For most small businesses, it is just standard for them to have a business plan. Some do not even write their business plan until a need for it arises after the business has kicked off. The point is, whether you like it or not, you cannot separate your business from its roadmap. If you do not have one yet, you will need it, and you will get it.
Maybe you do not, but it is pretty clear progress will be 10x harder for your business. Hold up! That is not a curse. It is the reality of a lack of definition for your business, its operations, and its goals. It becomes much more troublesome when you have a staff body.
However, another important roadmap that is seldom talked about is a Business Continuity Plan. And yes, it's very different from a business plan. While it might draw from the business plan, it is not part of the business plan. It is a plan of its own.
A business Continuity plan, otherwise known as BCP, is a system set up to ensure prevention, response, and recovery in case of disasters. The BPC ensures that risks and disasters that can be avoided are avoided in time. And that the ones that cannot be avoided are well prepared for.
It is not about being growth-minded. It is about having foresight. In the course of running a business, situations will arise that will threaten operations, revenue, and continuance. Fire incidents, Natural disasters, cyber-attacks all are realities of business. And can cripple a business when there is no backup.
However, a BCP is more than a backup. It is a system that ensures that operations can continue and swiftly return to normal in the event of a disaster. It also ensures losses are minimised, and the customer base is protected. Insurance only covers damage cost, it does not prevent initial or further damage. There is also no cover for the client base and company's reputation. While insurance can be part of a BCP, it is not an alternative to it.
Nigeria is not prone to natural disasters, but the fire service is not prone to responding when you call too. Regardless of the location and size of the business, a Business continuity plan is necessary. No company is free of threats or any region of potential disasters - natural and non-natural.
Elements of a Business continuity plan
Three keywords define the purpose of a Business continuity plan - Prevention, Response and Recovery. These keywords are the stages of the relevance of a Business plan. As such, a business plan is to have strategies for each stage. A business continuity plan consists of three major division
- Prevention strategies
- Response strategies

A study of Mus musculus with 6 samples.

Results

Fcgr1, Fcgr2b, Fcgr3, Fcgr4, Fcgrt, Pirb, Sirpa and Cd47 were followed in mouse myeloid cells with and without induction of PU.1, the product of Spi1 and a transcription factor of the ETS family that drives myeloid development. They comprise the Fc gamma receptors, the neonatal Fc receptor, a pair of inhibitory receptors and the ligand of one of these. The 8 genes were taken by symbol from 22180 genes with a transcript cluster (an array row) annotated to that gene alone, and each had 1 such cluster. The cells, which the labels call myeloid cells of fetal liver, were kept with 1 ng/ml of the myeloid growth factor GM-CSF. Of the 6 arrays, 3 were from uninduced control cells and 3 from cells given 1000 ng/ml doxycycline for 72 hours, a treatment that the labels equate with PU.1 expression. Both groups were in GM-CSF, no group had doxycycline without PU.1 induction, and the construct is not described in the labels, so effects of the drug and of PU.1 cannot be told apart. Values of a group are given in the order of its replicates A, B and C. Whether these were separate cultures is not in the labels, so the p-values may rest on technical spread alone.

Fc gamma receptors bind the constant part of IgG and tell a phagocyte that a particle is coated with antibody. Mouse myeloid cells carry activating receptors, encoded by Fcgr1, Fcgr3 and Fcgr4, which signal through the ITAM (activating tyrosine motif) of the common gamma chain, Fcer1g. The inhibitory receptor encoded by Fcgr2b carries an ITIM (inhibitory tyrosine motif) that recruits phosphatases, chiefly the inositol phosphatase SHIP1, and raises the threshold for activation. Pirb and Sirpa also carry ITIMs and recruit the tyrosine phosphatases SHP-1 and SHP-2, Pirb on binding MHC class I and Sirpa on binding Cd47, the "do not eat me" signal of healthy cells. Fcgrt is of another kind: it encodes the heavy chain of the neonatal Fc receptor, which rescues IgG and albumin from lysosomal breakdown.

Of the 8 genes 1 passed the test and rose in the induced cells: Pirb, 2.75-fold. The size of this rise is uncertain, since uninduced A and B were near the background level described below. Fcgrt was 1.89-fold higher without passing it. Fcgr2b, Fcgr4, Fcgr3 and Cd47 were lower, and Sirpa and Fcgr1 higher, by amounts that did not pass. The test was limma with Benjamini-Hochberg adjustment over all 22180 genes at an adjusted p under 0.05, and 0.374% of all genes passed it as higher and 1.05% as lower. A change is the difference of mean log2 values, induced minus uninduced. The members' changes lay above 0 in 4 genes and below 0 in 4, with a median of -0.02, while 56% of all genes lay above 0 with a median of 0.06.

- Recovery strategies
Often, these strategies overlap and can be relevant all through each stage. But each stage must be correctly defined so that everyone involved knows what role to play at what time. A good way to ensure this to have drills for staff members to familiarise themselves with their roles and responses.
Developing a Business Continuity Plan
The process of developing a Business continuity plan is continuous. As technology advances and the business grows, new threats emerge, and better methods of addressing threats and disasters emerge too. However, steps involved in the development and subsequent reviews remain the same. They include:
Setting up a team: this team will not only work on developing the BCP. But also conduct a review from time to time. They will organise training and drills, and implement strategies when the need arises.
Identifying and analysing potential risks: this is known as Business Impact Analysis (BIA). At this stage, your team researches all operational, financial, and physical hazards to your company. It has to be thorough, leaving nothing out.
Set up policies and structures: these policies and structures have to take into consideration the uniqueness of the business and its location. They must be realistic, preventive, and relevant.
Channelling Resources: channel needed human and material resources into preventing and preparing.
Implementation and tests: preventive measures should be implemented immediately and upgraded periodically. Also, tests should be conducted regularly to ascertain the effectiveness and relevance of the policies and structures in place.
The business continuity plan is best developed when the business kicks off. If you don't have a business plan yet, then do that first. You can hire a consultant to help with developing a Business continuity plan. But you have to work closely with this consultant because it is your business. It is about what you want to build, and no one will understand that like you. A better option is to work with a team in-house to map out a Business continuity plan. Don't just give it a thought, do it.